Hope in Housing Gap

David Bicknell, broker and owner of Intero Folsom Lake, is featured in the October 16, 2011 Sacramento Bee newspaper article.

SUNDAY, October 16, 2011

By: Phillip Reese and Rick Daysog
Sacramento Bee

Twenty-nine cents on the dollar.

That’s what homebuyers now pay for a typical house in the Sacramento region compared to buyers in San Francisco. And if history is any guide, that mounting price gap could have a big impact on Sacramento’s housing market and economy in the not-too-distant future.

The last time the spread between Bay Area median prices and Sacramento median prices grew so big was a decade ago, just before tens of thousands of Bay Area transplants arrived in Sacramento, turning a healthy housing market into a bona fide boom.

Since then, that wave of transplants has slowed to a drip, with barely more residents relocating from the Bay Area to Sacramento than heading in the other direction.

Several local real estate experts and economists said they don’t expect to see another approaching fleet of U-Haul trucks quite yet, with the possible exception of a few being driven by carefree retirees.

“It’s a different market now,” said Suzanne O’Keefe, a Sacramento State economics professor. “Everyone is more cautious. The housing market isn’t going to rebound quickly because people move from the Bay Area.”

O’Keefe and others note that the local job market is stalled; cheap housing is available elsewhere; and many Bay Area residents already cashed out home equity during the boom. Just as key: Bay Area home prices are less expensive than they have been in years. A San Francisco condo worth $1 million in 2005 would sell today for about $840,000.

But even if Bay Area transplants aren’t about to swoop into Sacramento tomorrow on white horses, many expect their numbers to increase, helping to put a floor on falling home prices. To bolster their case, these optimists point to past trends.

The San Francisco and Sacramento housing markets are closely entwined. Growing price differences between the two areas preceded and fed the last two housing booms.

The calculus is simple: Bay Area residents see their modest homes sell for immodest prices, and decide to cash out and buy quasi-mansions in Sacramento.

Right now, the median home price in the Sacramento region is about $185,000, according to data from Wells Fargo and the National Association of Home Builders. In San Francisco-Marin-San Mateo, it’s $630,000. In the San Jose area, it’s $454,000.

David Bicknell, the local franchisee for Intero Real Estate Services, is putting money behind his premonitions of a coming influx. His company recently opened offices in Folsom and El Dorado County and plans more expansion.

“More and more people are able to move to the Sacramento area,” Bicknell said.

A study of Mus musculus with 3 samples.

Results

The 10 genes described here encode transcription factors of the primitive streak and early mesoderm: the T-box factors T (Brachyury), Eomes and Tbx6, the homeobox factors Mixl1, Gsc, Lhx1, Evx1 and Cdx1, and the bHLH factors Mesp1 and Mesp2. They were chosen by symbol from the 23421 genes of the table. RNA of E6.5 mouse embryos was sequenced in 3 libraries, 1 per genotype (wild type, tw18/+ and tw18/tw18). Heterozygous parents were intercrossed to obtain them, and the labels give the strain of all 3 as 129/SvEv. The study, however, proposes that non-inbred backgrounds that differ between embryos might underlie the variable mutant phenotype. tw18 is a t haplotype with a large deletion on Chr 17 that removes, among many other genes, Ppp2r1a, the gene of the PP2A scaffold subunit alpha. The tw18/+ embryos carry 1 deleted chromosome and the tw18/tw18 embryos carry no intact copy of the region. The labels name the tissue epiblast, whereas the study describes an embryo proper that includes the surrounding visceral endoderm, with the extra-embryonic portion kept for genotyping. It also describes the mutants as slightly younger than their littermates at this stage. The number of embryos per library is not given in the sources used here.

Influx of equity-rich retirees seen

Bicknell is encouraged by the local tech sector, which he believes is rebounding.

Intel Corp., one of the local region’s largest private employers, recently hired 368 new workers at its Folsom campus, reversing more than a decade of downsizing.

The new hires increased Intel’s local workforce by about 6 percent to 6,515 workers. Many are recent college graduates who have relocated to the region, the company said.

Tech company Bloo Solar of El Dorado Hills plans to hire another 40 or so workers over the next several years as it expands its solar manufacturing plant.

“We see this as a continuing trend,” Bicknell said. “The homes are nice, the schools are good, and the cost of living is so much lower.”

Retiring Bay Area baby boomers are just as important to Bicknell’s strategy.

The last generation of retirees largely drove the big influx from the Bay Area to Sacramento 10 years ago. The town of Lincoln quadrupled in size during that boom, partly because of senior citizens arriving from places like Santa Clara County.

Assuming they have a pocket full of cashed-out equity, retirees might not worry as much as others about Sacramento’s difficult economy.

“There’s a lot of potential out there for the active adult market,” said Dean Wehrli, a senior manager at John Burns Real Estate Consulting. “That part of the market is increasing, and it’s going to be like that for 20 years.”

Granite Bay Realtor Eve Fenstermaker said she has noticed more interest from prospective Bay Area buyers since last spring. She gave the example of a client who lives in the exclusive Blackhawk area of Contra Costa County. Two years ago, the woman balked at moving because of declining prices in her neighborhood – and corresponding lost equity. With prices recovering, she is considering Sacramento.

“If you can sell your house in the Bay Area for $900,000 and can buy a comparable house here for $725,000, why wouldn’t you do it?” Fenstermaker said.

Douglas Booher, a 34-year-old Southwest Airlines pilot based in Oakland, recently looked at several homes in Folsom and El Dorado Hills. He likes the schools and the proximity to Lake Tahoe.

“If we can live in Sacramento in a nice home – maybe not our dream home, but a nice home – then we will have more money left to play with,” said Booher, who rents in Clayton and spends much of his time on the road. “It’s worth the two-hour drive once a week.”